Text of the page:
We just have sorta-old. North Portland, we're sorta old.
One cool thing we have around from those sorta-old days are our sidewalks and curbs. The top picture is the northeast corner of North Amherst and North Monteith. I love the iron curb corner, a relict of Ragtime Portland, still protecting the concrete masonry after 97 years.
Of couse, these old corners are nastily inhospitable if you're in a wheelchair (or, more likely, on a skateboard). So to help Portland's sk8trboyz get around, we're replacing them with these:
It's very practical, and much more handicapped friendly...but...well...
I'm pretty conflicted over this.
The other cool thing we have are these - hitching rings in the curb. So when your friends Irv and Bubbie come by they can just ground-tie old Miracle and park the buckboard outside the house, right? Prima, einfach! as my German kamaraden would say. The modern mind finds a way to make even these mundane relicts of the preautomobile age a little bit o' Portland wierdness.
Portland has a lot of great history in her streets - someday I want to find out about the wierd concrete that you come across in places like Laurelhurst and Irvington that has these massive fucking chunks of basalt as "aggregate" in it - who let that friking contract is what I'd like to know - and here's some of it as the sidewalks of North Portland.
For the historically curious - though not about NoPo - here's the City's history of the Hawthorne District, an older part of town but a fun and lively one. We're never going to be Hawthorne, I'm afraid, and I'm okay with that.
Couple of side issues I wanted to mention. First, notice the stamped "Kilkenny - Bros 1910" in the center of the bottom picture. These "contractor stamps" were de rigeur, the New Black, of Portland city subcontracting around the first couple of decades of the last century (feels wierd to say that, for me anyway...you?). The City's Transportation Department claims to have a "contractor stamp database" but I think that's bullshit. The link at the bottom of this page - Hawthorne again, go figure - goes to a single stamp that takes forever to load. C'mon, Portland, surely you can waste my tax dollars more creatively than that! Anyway, the City subbed their sidewalk out to private concrete guys, and they "signed" their work as the snapshot shows.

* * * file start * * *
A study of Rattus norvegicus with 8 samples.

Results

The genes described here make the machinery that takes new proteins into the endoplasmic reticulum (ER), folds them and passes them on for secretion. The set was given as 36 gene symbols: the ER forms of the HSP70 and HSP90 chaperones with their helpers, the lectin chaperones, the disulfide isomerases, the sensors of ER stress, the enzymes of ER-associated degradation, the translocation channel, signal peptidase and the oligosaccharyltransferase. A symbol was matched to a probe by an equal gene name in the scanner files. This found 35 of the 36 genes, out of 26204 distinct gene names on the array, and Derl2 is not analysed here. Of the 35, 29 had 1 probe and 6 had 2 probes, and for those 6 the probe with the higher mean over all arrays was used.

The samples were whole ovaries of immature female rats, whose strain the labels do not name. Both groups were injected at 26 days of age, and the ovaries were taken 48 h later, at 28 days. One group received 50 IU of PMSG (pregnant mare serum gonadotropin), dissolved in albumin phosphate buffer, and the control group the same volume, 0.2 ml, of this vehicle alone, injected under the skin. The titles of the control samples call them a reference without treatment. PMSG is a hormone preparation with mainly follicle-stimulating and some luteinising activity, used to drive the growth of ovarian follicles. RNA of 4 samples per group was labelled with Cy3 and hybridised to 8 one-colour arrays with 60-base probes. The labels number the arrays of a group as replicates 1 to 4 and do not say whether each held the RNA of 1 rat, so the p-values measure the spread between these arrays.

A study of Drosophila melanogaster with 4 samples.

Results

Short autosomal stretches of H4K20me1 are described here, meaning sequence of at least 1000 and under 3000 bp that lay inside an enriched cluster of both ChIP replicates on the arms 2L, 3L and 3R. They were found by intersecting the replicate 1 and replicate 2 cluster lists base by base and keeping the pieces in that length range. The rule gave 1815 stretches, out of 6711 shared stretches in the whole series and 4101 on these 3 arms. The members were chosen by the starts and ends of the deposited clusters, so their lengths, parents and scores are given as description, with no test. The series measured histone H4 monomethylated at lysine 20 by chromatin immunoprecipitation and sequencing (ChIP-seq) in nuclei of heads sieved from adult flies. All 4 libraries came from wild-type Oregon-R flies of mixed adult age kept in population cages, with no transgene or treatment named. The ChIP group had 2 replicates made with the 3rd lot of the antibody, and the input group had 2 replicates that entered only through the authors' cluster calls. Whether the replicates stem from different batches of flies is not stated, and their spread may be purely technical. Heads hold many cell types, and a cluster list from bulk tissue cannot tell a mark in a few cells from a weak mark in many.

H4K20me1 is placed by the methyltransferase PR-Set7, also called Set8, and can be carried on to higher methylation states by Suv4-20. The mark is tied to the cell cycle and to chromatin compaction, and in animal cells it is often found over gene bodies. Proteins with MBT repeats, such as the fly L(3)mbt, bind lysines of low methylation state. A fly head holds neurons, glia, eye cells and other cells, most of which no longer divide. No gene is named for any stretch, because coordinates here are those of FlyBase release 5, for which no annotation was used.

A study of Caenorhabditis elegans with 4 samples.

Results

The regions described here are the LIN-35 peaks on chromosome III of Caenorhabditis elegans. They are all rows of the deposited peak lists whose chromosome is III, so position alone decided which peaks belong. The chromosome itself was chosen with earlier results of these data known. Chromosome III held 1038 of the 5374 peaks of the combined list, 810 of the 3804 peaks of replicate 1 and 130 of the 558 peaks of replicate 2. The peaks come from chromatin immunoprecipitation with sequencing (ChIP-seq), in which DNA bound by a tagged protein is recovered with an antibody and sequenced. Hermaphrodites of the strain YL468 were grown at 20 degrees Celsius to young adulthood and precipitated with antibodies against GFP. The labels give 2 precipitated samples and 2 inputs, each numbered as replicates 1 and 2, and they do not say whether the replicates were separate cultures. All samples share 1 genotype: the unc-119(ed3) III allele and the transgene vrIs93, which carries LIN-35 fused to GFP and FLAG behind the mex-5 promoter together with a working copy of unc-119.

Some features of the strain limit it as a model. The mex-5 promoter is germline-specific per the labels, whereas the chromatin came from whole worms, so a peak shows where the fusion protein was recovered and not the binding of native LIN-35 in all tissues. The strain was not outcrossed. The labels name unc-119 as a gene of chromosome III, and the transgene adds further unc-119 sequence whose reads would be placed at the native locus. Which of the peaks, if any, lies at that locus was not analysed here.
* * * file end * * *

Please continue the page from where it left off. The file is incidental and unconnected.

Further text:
The other odd thing is that almost all the stamps around our block are dated in the early teens; 1910 like the Kilkenny stamp, 1911 across Amherst to the west, 1913, the latest are early in the 1920's.
But our little house is among the oldest on the block at 85 years. The Sanborn Fire Insurance map shows several others date from the teens. But only a handful. This part of North Portland was still pretty much open fields and woodlots between the street grid in the Teens and Twenties of the last century. Now, there are parts of North Portland - LOTS of parts of all of Portland - that still have no sidewalks today although every lot has a house on it. So what a strange sight that must that have been, on some hot August ninety years past when golden grass dried rustling in the sun and a whistle drifted up from the Cut through the slumberous hot afternoon, to see the empty lots still with the mark of the farm fields that had been yet surrounded by their bright, new, cheery sidewalks, crisp whispers of the busy future still unthought.